Though roughly 91% of medical organizations have already implemented telehealth capabilities, more than half of these organizations have experienced cases where patients refused these services due to security concerns, according to new research from Kaspersky. 

Of the medical organizations that have already implemented telehealth capabilities, 44% started to use them after the pandemic. And 52% of respondents reported cases where patients refused these services.

Global events in healthcare in recent years have changed people’s perception of the industry. Medical organizations have adapted to the new conditions, and today, 56% of healthcare institutions are planning to increase their investment in telehealth and virtual care solutions.

The survey was directed to healthcare decision-makers to learn how the digital transformation of the industry is going and which problems they believe should be solved to create a world in which everyone can gain access to affordable, fast, and quality care.

Approximately 71% of global respondents believe telehealth services will add the most value to the healthcare sector within the next five years, according to research from the survey. Professionals note that remote medicine offers advantages such as immediate reach, less disease transmission between patients and staff, and the ability to help more people in a smaller time frame.

Photo: Kaspersky

Roughly 42% of organizations surveyed found that their patients are more interested in remote than in-person sessions because of their convenience. Other attractive telemedicine features for customers are that modern technologies save time, effort and money and provide the opportunity to consult with a more experienced specialist.

The most common service provided by organizations is synchronous telehealth, such as real-time communication with patients, including video call or chat. The second most popular service is remote patient monitoring via wearable devices, followed by asynchronous telehealth technology. This method consists of collecting and storing patients’ data in a secure cloud-based platform for further use by a treating professional.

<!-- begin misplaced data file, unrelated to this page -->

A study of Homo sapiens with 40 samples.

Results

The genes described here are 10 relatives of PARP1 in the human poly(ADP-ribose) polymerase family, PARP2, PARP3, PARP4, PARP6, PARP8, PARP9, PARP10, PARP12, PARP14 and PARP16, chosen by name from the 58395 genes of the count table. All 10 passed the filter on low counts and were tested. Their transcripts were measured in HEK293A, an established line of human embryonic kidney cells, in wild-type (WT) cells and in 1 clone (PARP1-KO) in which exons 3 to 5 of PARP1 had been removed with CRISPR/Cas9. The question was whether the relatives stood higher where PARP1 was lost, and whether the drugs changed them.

However, 74% of respondents experienced cases where patients have refused a video call with medical staff, with 52% reporting that people declined telehealth services due to privacy or data concerns. Other reasons cited included a general lack of trust towards telehealth, unwillingness to appear on video, and the absence of correct equipment.

It is not only patients who are worried about their privacy, 81% of healthcare providers state that clinicians in their organization have voiced concerns about patients’ data protection when conducting remote sessions, and only 36% of respondents are very confident that their organization has necessary security measures.

“Trust has always been important to the healthcare sector, but today as more and more medical organizations rely on technology and digital offerings to support their services, patients also want to feel confident about the privacy of their medical data,” says Evgeniya Naumova, executive vice president of corporate business at Kaspersky. “With rapid development and complexity making the healthcare industry more lucrative to malicious actors, now is the time for healthcare institutions to make cybersecurity their first priority.”